ABBA In Japan - liner notes, part 2
Published September 15, 2011
Strike two of the promotional campaign was implemented in November, when, for the first time in six years, the four ABBA members visited Japan in person. A detailed 10-day campaign in Tokyo had been worked out, jam-packed with strategic television appearances and plenty of interviews with other media, not to mention a press conference at the Swedish Embassy attended by 300 media representatives. “I’ve seen our itinerary and there is no room at all for any time off,” said Agnetha shortly before the trip. “We’ll be doing TV, TV and more TV, plus some radio!”
The high-point of the Japanese effort, naturally, was the 50-minute television special featured on this DVD. Filmed on November 26, the special featured a sort of “greatest hits” of ABBA’s recorded output thus far – from ‘Waterloo’ up to ‘Take A Chance On Me’ – plus selected album tracks and, of course, their current single, ‘Summer Night City’. There was also an exclusive preview of a track from the upcoming Voulez-Vous album – in fact, it was the first public unveiling of the song. At the time the supremely catchy ‘If It Wasn’t For The Nights’ was slated to become the group’s next single, but was relegated to “album track” status when ‘Chiquitita’ was written and recorded shortly after the return to Sweden.
Somewhat unusually for ABBA, who liked to have complete control over sound issues, three songs in the television special – ‘Money, Money, Money’, ‘SOS’ and the closing number ‘Thank You For The Music’ – were in fact performed live. Moreover, ABBA were backed up by a full-scale studio orchestra, resulting in some unusual arrangements for songs that featured neither strings nor horns on the original recordings. Note: The ardent ABBA fan will notice that the sound mix on the three live numbers on this DVD release is a little different than the versions originally broadcast, allowing for a more unpolished experience of the performance. You will also notice that ‘Summer Night City’ is presented as a performance focusing entirely on ABBA, not as originally broadcast: with the group as a quarter of a split-screen featuring summer scenes from Sweden. Also, whereas ‘Fernando’ had been edited down to include only two verses and a chorus in the original broadcast, the complete version is featured here. Finally, ‘The Name Of The Game’, which was nowhere to be seen in the television special at the time, has now been reinstated on this DVD.
Seen today, the lavishly produced special offers an intriguing glimpse of the way television programmes would look in the late 1970s, and, more specifically, how they were produced in Japan. For example, on some songs ABBA were supported by extraordinarily enthusiastic dancers, something that was never seen in the group’s television appearances in other countries. But most of all, of course, ABBA Special showcased the group in their prime, full of zest and performance energy.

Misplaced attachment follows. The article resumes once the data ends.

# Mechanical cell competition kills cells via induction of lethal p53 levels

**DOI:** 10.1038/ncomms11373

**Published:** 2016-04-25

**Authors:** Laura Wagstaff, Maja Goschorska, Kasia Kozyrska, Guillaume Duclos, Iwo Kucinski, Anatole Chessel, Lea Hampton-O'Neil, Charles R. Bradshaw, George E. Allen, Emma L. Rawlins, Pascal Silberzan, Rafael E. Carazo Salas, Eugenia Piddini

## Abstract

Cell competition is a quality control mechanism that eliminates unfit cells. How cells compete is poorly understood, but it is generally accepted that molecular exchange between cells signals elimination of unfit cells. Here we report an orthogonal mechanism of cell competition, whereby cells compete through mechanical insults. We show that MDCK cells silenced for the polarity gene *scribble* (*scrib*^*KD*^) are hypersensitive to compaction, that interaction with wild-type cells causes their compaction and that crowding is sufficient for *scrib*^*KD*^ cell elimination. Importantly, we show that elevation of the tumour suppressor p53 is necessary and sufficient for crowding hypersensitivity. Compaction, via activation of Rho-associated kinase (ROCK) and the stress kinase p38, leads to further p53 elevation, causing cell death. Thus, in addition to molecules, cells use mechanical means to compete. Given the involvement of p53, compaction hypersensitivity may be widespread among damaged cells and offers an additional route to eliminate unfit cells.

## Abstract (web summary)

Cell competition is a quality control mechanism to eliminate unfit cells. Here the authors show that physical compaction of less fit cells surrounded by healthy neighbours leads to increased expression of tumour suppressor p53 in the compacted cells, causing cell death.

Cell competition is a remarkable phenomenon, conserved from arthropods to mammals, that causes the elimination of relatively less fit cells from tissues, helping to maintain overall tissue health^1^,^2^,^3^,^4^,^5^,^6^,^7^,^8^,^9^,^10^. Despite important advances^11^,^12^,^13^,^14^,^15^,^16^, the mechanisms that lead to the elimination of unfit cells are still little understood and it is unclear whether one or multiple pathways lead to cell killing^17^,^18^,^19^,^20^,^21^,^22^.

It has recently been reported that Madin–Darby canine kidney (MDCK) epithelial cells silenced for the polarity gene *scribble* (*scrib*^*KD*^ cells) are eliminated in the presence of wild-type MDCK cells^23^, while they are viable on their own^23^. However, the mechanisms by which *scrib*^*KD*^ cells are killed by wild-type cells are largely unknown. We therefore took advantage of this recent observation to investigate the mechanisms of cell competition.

The bonus feature on this DVD is a film entitled ABBA In Japan Nov. 1978, a minute-by-minute fly-on-the-wall depiction of the group’s hectic schedule during their Tokyo visit. Films like these were made in order to satisfy Japanese fans’ hunger for seeing more of their idols. Screened in big halls, the films would simply follow the artists from the minute they set foot on Japanese soil until they boarded the plane that would transport them back to their home-country. In this particular case, the film does indeed offer a fairly raw depiction of the hectic life of pop stars on a promotional visit, constantly surrounded by fans and media representatives.
“We figured out afterwards that we had two and a half hours of free time,” said Agnetha after the trip. “We really didn’t see more of Japan than the hotel and a long row of TV and radio studios. But we had fun.” Like many other visitors before and since, she was also amazed at the military-like precision of the visit, labelling Japan “the most efficient country I’ve ever been in.” Needless to say, ABBA’s promotional efforts paid off handsomely. Within half a year the group had sold 1.5 million records in Japan, with several of their albums entering the Top Ten and the Voulez-Vous LP spending two weeks at number one.
With the heightened visibility of ABBA in Japan there was naturally a demand for them as live performers as well. In March 1980 the time had finally come for the group to visit the country again, for what turned out to be their very last concerts in front of a paying audience. Over a period of 16 days, ABBA performed a total of 11 shows attended by more than 100,000 people, beginning on March 12 at Tokyo’s famed Budokan arena. In fact, spread out over the itinerary, a total of six sell-out shows were performed at the Budokan – according to ABBA’s tour producer Thomas Johansson, only acts like The Rolling Stones and Bob Dylan have sold out this prestigious venue to the same extent. But although no-one knew it for certain at the time, when ABBA stepped off the Budokan stage for the last time on March 27 they said farewell to touring forever.
The 1980 live shows were never captured on film in their entirety, so what remains from ABBA’s Japanese adventures is the television special from their visit two years earlier. All in all, this DVD hopefully provides a fascinating look into ABBA’s confrontation with Japanese media and culture as they were in the late 1970s. In its own way ABBA In Japan constitutes a unique time-travel piece from just a few decades ago, but seemingly from another era altogether.